Allegheny Mountains

July 12, 1749: Loyal Company Granted 800,000 Acres

Jul 12, 2018
Loyal Company
e-WV / WV Humanitites Council

On July 12, 1749, the Colony of Virginia granted the Loyal Company 800,000 acres in what is today parts of southern West Virginia, southwestern Virginia, and southeastern Kentucky. The Loyal Company promoted settlement in Western Virginia at a time when few pioneers dared to venture west of the Allegheny Mountains.

By 1754, the land company had settled about 200 families, including some along the New and Bluestone rivers. Most of these settlements, though, were destroyed by Indians during the French and Indian War.

E-WV / WV Humanities Council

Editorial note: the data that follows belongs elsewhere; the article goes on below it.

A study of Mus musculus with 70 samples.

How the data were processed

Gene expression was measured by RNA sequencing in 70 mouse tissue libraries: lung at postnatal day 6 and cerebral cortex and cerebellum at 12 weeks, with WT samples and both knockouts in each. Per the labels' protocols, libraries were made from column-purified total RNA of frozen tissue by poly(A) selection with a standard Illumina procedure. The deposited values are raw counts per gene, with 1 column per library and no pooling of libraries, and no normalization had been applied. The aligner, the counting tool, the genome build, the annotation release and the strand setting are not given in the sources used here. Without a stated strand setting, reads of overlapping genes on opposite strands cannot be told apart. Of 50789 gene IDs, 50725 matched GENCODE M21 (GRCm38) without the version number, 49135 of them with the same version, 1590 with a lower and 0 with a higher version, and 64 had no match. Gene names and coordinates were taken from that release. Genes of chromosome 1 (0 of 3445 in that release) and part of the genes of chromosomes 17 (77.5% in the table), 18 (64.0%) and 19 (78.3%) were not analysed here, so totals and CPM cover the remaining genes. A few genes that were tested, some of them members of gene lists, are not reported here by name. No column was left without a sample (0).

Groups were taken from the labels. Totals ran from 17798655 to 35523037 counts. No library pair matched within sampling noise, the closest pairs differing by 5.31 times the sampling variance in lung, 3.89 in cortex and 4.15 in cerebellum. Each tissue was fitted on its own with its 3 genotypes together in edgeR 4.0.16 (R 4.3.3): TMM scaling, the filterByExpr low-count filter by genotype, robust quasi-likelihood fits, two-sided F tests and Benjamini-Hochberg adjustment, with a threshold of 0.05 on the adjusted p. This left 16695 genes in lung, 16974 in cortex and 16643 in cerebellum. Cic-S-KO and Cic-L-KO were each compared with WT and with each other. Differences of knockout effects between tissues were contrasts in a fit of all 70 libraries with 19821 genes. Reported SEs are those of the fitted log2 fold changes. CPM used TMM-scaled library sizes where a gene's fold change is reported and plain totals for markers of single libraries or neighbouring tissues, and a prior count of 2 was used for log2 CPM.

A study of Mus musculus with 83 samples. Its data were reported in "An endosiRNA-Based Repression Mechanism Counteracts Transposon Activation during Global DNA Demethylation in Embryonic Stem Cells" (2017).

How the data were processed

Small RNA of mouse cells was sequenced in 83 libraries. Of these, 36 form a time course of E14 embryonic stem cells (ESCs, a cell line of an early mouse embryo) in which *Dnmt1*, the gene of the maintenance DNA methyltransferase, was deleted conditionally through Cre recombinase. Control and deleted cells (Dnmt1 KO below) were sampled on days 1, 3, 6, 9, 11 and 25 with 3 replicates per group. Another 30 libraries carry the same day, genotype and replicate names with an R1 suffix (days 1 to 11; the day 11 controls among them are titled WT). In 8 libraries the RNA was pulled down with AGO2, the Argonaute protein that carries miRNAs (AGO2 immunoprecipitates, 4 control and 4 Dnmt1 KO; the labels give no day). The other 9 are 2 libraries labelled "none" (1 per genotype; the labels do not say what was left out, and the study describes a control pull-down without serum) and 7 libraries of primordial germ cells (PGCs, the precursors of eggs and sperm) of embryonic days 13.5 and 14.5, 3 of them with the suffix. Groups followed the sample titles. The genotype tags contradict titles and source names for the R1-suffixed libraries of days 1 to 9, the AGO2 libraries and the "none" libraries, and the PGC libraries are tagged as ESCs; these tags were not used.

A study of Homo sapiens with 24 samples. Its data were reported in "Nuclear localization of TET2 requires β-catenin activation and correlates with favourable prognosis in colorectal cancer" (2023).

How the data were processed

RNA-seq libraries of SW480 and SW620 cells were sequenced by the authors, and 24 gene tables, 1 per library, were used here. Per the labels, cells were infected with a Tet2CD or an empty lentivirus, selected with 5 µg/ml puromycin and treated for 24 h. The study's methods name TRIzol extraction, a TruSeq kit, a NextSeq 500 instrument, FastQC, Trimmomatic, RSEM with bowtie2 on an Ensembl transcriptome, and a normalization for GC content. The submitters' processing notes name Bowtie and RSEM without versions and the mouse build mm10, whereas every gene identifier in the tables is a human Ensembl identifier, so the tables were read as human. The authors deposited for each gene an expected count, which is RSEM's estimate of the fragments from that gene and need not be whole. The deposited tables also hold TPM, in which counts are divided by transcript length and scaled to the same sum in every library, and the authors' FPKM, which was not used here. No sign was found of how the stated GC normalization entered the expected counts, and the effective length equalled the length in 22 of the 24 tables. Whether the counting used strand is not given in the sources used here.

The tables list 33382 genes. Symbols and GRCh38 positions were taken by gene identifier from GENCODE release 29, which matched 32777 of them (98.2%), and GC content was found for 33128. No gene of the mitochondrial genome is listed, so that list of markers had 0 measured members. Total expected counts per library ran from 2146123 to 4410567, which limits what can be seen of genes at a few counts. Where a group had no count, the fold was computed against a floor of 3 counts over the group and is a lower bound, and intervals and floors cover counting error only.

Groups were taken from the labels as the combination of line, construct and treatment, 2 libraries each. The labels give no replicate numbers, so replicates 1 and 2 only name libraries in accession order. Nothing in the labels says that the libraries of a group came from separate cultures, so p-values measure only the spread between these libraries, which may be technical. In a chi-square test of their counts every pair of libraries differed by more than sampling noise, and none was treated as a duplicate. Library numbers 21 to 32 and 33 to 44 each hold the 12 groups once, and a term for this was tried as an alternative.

On September 5, 1716, Virginia Lieutenant Governor Alexander Spotswood and about 50 men reached the crest of the Allegheny Mountains, likely in present Pendleton County, and claimed the land for King George the First of Great Britain.

Spotswood and his men—described as “gentlemen, servants, Indians, and rangers”—journeyed up the Rappahannock River and crossed over the Blue Ridge Mountains into the Shenandoah Valley. Robert Brooke, a member of the expedition and the king’s surveyor general, made the first scientific observations west of the Alleghenies.

Loyal Company
e-WV / WV Humanitites Council

On July 12, 1749, the Colony of Virginia granted the Loyal Company 800,000 acres in what is today parts of southern West Virginia, southwestern Virginia, and southeastern Kentucky. The Loyal Company promoted settlement in Western Virginia at a time when few pioneers dared to venture west of the Allegheny Mountains.

By 1754, the land company had settled about 200 families, including some along the New and Bluestone rivers. Most of these settlements, though, were destroyed by Indians during the French and Indian War.